We owe them a better life

July 4, 2012 

For years I owned two wonderful pets. A dog that we got when she was six weeks old and another dog that someone abandoned that my son rescued. It was expensive to take care of them and to make sure they had all of the vet care they needed.

I am no stranger to the world of caring for animals and this is a part of the reason I find myself appalled at the ways many animals are treated in our community and other communities across this country.

A few weeks ago, I investigated possibilities of adoption for some kittens who had been brought to my porch by their mother who is a stray cat. I called numerous no kill shelters and those who work with rescue for animals to no avail. I was told by one no kill shelter in Atlanta that they were receiving 80 calls a day from people trying to find homes for kittens. At the time, there were three kittens on my porch, I had found a place for one of them.

Since I no longer wish to own pets now that my oldest dog has died and the younger one lives with my son, I continued to search for homes for the kittens. Several generous people at my church offered to assist me in getting the little kittens placed in a no kill shelter, but since there was no space, I was left with taking care of them until I could find them homes.

Many advised me to simply call animal control and take the chance that they would be adopted or killed. I did not find that an acceptable option. I believe all life needs to be honored and treated with the utmost respect and though I did not go searching for these little animals, they came to me and I felt I owed them a chance to live. I fed them and made plans to take them to be spayed and neutered.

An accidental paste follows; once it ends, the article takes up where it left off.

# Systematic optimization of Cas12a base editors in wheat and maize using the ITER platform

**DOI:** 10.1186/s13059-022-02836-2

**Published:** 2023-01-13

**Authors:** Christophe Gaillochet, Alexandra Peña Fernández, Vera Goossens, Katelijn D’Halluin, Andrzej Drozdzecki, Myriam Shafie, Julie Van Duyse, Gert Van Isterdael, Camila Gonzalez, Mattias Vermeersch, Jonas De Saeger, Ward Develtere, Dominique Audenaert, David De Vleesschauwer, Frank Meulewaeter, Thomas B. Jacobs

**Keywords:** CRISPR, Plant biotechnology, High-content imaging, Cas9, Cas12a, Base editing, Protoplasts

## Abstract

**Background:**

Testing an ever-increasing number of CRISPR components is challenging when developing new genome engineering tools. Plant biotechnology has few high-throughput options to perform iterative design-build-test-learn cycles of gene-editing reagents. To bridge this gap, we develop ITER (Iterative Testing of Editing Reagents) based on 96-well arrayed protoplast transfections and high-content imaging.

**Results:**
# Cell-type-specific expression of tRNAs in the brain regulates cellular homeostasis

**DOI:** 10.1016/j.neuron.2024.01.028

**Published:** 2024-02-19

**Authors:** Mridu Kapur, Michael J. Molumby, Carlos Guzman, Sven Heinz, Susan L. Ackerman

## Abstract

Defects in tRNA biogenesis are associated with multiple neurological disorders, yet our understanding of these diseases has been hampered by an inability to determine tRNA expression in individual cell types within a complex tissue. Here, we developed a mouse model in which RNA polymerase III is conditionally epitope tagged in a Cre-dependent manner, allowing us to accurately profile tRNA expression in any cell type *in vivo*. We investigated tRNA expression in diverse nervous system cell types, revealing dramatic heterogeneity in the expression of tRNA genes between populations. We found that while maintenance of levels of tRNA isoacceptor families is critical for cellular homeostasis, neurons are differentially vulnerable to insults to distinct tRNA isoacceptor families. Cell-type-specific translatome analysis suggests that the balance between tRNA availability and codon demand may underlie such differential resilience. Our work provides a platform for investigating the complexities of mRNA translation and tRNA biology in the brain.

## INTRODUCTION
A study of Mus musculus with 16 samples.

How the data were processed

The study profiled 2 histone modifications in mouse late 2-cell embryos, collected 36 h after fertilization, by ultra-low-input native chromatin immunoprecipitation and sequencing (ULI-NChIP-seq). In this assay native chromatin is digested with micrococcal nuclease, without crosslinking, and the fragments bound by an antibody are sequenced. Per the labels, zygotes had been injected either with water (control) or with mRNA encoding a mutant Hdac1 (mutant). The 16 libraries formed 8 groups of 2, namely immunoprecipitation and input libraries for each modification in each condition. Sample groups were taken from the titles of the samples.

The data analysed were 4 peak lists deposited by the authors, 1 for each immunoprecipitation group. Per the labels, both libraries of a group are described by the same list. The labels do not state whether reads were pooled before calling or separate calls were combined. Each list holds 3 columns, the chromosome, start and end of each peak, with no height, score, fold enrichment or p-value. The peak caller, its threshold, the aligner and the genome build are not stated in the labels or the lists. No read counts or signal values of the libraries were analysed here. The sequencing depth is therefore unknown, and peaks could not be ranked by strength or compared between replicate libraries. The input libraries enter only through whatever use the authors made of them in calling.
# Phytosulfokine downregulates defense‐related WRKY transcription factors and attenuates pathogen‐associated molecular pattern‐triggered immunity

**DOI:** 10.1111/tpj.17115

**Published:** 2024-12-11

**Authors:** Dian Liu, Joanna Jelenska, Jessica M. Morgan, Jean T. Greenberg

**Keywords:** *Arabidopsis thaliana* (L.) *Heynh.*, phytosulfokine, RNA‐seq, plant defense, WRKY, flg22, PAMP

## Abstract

Of course, the best laid plans do not always work out. Two of the kittens left my porch and did not return. One left but returned a week later. I have no idea what happened to her sisters. For several days she seemed to be calling them and waiting for them to return.

One morning when I went out on the porch to give her food there was a huge homeless dog out in the yard. Another example of an animal that has not been managed in a responsible manner. I know there are many folks who are working very hard in this community to rescue homeless animals and to care for them to the best of their ability. I truly appreciate them for all of their work. But all of us are responsible. We should not have an epidemic of stray animals in this community or any other community for that matter. We owe them a better life than that.

People who cannot or will not take care of animals should refrain from getting them, and if someone can no longer take care of an animal it is their responsibility to find another caring home for it.

We have many veterinarians in this town who will spay or neuter animals for reduced fees. I have one friend who takes stray cats to the vet to be spayed or neutered and returns them to their habitat. She cannot take care of all of them, but she can help with controlling the number of homeless cats in our community.

The truth is that our cats and dogs are God’s creatures and they need to be treated as such. This may be difficult for some people to comprehend, but it is true and they deserve better treatment.

This column by Catherine Meeks, Ph.D., appears twice monthly. Meeks is also a contributing writer for the Huffington Post. E-mail her at kayma53@att.net.